By Kris Ringwall, Beef Specialist, North Dakota State University
Recent BeefTalk columns have caused me to ponder more about the dynamics of the beef business.
The answers seem at our fingertips, but the solutions are far off at times. The business of beef initiates within a very large, de-centralized base of independent producers. The model is good, but inherent within the vastness of environments the beef industry functions in, change is slow.
Perhaps that, too, is good. Imagine sitting by a glass pane, full of ideas, watching the world go by, but with no way to open the door to go to the other side. The door may be there but is unnoticed. Each person gets to decide. When asked to feed the world or watch the world, I guess the choice is ours.
As a youngster, I fed cattle with a pitchfork from a hayrack. I had no concept of the value of the feed, how much to feed, how much was wasted or how heavy the cows were. I didn’t know the value of the cow or profit when the calves were sold.
I knew a truck would haul the calves to the sale barn and there would be fewer to feed. It made me happy. And life was good. I had no documental evidence of good animal care. I just pitched until the cows and calves looked content or I got tired, knowing I would be back tomorrow to pitch some more.
Recently, I attended a good educational insurance session regarding options for ranchers and farmers. I could not help but ponder the significance of the records required to provide the data for the examples used. The data were not complicated, but numerous questions were asked to fill in all the blanks to run the estimate for the appropriate coverage.
Things have changed since the days of pitching hay. The pondering thought was this: The business side of agriculture is not simple. The requests for documentation and inputs are quite demanding, and to know the financial success of the beef operation, cattle producers need to keep records.
Likewise, to know cattle nutrition, cattle producers look up the nutritional requirements of cattle. To know cattle genetics, cattle producers look up expected progeny differences (EPDs) and sample cattle DNA. To understand cattle response to disease, cattle producers submit tissue and fluids for analysis of enzymes and other proteins.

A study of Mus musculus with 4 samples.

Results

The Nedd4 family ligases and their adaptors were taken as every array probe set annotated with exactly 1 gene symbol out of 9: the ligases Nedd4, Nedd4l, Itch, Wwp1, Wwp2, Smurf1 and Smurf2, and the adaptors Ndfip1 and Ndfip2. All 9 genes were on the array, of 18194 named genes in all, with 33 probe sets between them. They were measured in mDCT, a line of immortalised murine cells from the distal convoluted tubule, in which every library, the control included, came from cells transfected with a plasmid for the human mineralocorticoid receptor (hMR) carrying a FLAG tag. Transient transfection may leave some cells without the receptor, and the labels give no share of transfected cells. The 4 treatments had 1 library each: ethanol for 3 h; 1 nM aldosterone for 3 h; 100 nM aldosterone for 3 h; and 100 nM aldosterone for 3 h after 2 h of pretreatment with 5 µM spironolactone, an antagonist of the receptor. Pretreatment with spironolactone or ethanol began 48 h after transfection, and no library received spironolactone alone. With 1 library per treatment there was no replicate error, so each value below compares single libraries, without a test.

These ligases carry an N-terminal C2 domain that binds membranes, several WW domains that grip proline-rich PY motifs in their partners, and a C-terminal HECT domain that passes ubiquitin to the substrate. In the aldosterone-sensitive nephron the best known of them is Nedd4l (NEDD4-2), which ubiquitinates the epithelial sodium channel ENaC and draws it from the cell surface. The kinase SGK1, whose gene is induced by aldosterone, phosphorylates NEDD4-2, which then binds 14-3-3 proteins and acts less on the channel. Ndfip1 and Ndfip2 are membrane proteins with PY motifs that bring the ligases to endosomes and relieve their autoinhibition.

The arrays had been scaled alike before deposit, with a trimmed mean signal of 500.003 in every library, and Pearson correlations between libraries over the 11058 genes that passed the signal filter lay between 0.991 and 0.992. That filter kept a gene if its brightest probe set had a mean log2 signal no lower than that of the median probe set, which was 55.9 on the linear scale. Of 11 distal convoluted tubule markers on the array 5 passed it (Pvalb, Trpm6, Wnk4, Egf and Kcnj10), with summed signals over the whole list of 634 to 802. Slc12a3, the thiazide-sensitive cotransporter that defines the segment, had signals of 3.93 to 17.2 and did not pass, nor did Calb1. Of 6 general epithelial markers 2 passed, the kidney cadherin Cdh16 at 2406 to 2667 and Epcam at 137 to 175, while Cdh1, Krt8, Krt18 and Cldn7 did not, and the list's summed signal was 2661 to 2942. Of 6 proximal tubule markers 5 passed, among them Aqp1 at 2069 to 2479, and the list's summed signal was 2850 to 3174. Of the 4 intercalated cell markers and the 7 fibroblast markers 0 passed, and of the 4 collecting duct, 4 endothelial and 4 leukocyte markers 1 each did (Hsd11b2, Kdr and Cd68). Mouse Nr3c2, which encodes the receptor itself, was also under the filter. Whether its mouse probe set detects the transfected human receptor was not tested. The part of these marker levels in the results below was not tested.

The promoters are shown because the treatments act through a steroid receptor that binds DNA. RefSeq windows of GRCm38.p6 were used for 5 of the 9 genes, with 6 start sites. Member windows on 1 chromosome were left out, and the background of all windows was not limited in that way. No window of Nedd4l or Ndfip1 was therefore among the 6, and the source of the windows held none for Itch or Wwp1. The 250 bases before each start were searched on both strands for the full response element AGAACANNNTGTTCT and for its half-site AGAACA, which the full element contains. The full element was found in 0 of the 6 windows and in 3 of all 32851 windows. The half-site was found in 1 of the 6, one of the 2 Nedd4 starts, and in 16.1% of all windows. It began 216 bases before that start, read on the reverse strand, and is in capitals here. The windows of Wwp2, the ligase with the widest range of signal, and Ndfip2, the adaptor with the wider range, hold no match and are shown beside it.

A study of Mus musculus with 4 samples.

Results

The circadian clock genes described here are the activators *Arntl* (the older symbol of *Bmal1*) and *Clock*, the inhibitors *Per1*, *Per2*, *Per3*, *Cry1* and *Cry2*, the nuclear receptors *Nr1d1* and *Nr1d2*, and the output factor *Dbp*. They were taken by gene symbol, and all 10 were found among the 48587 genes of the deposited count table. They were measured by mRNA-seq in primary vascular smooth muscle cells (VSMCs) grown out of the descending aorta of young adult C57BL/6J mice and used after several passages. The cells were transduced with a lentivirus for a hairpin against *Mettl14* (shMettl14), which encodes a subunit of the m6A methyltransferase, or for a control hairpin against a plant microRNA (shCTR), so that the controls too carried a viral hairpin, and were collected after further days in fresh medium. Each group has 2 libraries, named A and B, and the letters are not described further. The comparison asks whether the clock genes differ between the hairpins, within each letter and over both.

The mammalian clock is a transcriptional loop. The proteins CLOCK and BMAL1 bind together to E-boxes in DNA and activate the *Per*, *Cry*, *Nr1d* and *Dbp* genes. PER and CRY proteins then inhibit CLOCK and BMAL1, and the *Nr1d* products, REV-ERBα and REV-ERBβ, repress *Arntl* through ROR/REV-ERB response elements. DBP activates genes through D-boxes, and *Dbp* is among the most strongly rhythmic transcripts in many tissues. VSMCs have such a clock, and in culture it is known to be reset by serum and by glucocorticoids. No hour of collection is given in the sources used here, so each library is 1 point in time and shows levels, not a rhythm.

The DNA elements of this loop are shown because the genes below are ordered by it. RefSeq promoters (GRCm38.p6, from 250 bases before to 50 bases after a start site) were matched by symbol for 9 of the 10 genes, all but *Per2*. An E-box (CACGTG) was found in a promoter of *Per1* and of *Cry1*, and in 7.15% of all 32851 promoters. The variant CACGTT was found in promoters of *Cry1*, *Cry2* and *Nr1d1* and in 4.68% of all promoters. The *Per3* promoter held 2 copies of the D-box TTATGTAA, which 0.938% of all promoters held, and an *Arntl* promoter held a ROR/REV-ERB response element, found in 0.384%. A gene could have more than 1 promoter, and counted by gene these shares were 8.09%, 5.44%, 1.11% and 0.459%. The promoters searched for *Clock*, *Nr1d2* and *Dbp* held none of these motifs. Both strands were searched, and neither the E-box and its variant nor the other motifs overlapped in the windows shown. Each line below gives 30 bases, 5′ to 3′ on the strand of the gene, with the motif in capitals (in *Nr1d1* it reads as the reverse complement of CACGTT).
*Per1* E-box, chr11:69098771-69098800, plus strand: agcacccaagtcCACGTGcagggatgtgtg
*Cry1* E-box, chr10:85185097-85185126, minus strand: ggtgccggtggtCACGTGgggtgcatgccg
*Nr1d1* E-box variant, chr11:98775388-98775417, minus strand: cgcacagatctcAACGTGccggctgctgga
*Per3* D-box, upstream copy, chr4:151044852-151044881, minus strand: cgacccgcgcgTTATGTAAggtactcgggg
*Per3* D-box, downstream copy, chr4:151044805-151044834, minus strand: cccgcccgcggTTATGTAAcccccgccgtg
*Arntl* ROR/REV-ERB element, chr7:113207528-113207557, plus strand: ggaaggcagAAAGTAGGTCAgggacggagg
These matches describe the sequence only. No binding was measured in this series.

To know how cattle reproduce, cattle producers learn and implement appropriate synchronization methods. To know the range plants, cattle producers seek a botanist for input. To know the environmental requirements, cattle producers conference with professional engineers. I remember pitching tons of slough weeds, and the cows and calves seemed to like it. I remember keeping an eye out for the bull because he was smaller than the cows. I remember a dead calf, a conclusion based on the amount and location of bleeding.
I remember never worrying about breeding cows because the bull seemed to understand that. I remember not worrying about grass plants; each forkful was filled with plenty of green stems. I never worried about the cow manure because that seemed rather trivial. I was clueless, but the cows and calves had a good home and a good caregiver.
Have I changed? Yes. For the better? Yes.
The current challenge for beef producers is the dilemma of engaging the ever-demanding need to experience the intensity of operational data or sticking to pitching hay. This challenge is individual to each beef producer but collective to the beef industry.
The business of beef is knowledge based on data. Data allow for the long-term solutions within a complex production chain. What is the largest and heaviest chain that holds a beef operation back?
As I sit and ponder the links to the chain, some are small and some are large. Some are strong and some are weak. As the saying goes, a chain can only be as strong as the weakest link. Therefore, in theory, the identification of the weakest link should be a notable effort. The challenge with the fix rests with the justification of the problem and lack of data to fix it.
Unfortunately, if the weight of the chain, once fixed, is too heavy, one only develops new problems. Then the weight of the chain must be lightened. A lighter chain has less strength, however. Maybe a heavy chain is better. Maybe a lighter chain? The choice always has consequences: maybe progress or not.
I guess these are just ponderings. And we end where we began. Imagine sitting by a glass pane, full of ideas, watching the world go by, but with no way to open the door to go to the other side. The door may be there but is unnoticed. Each person gets to decide. When asked to feed the world or watch the world, I guess the choice is ours.
The bottom line: The beef industry is a very large industry and, as individual producers, we have the opportunity to engage the complexity or pitch hay. I enjoyed pitching hay, but times have changed.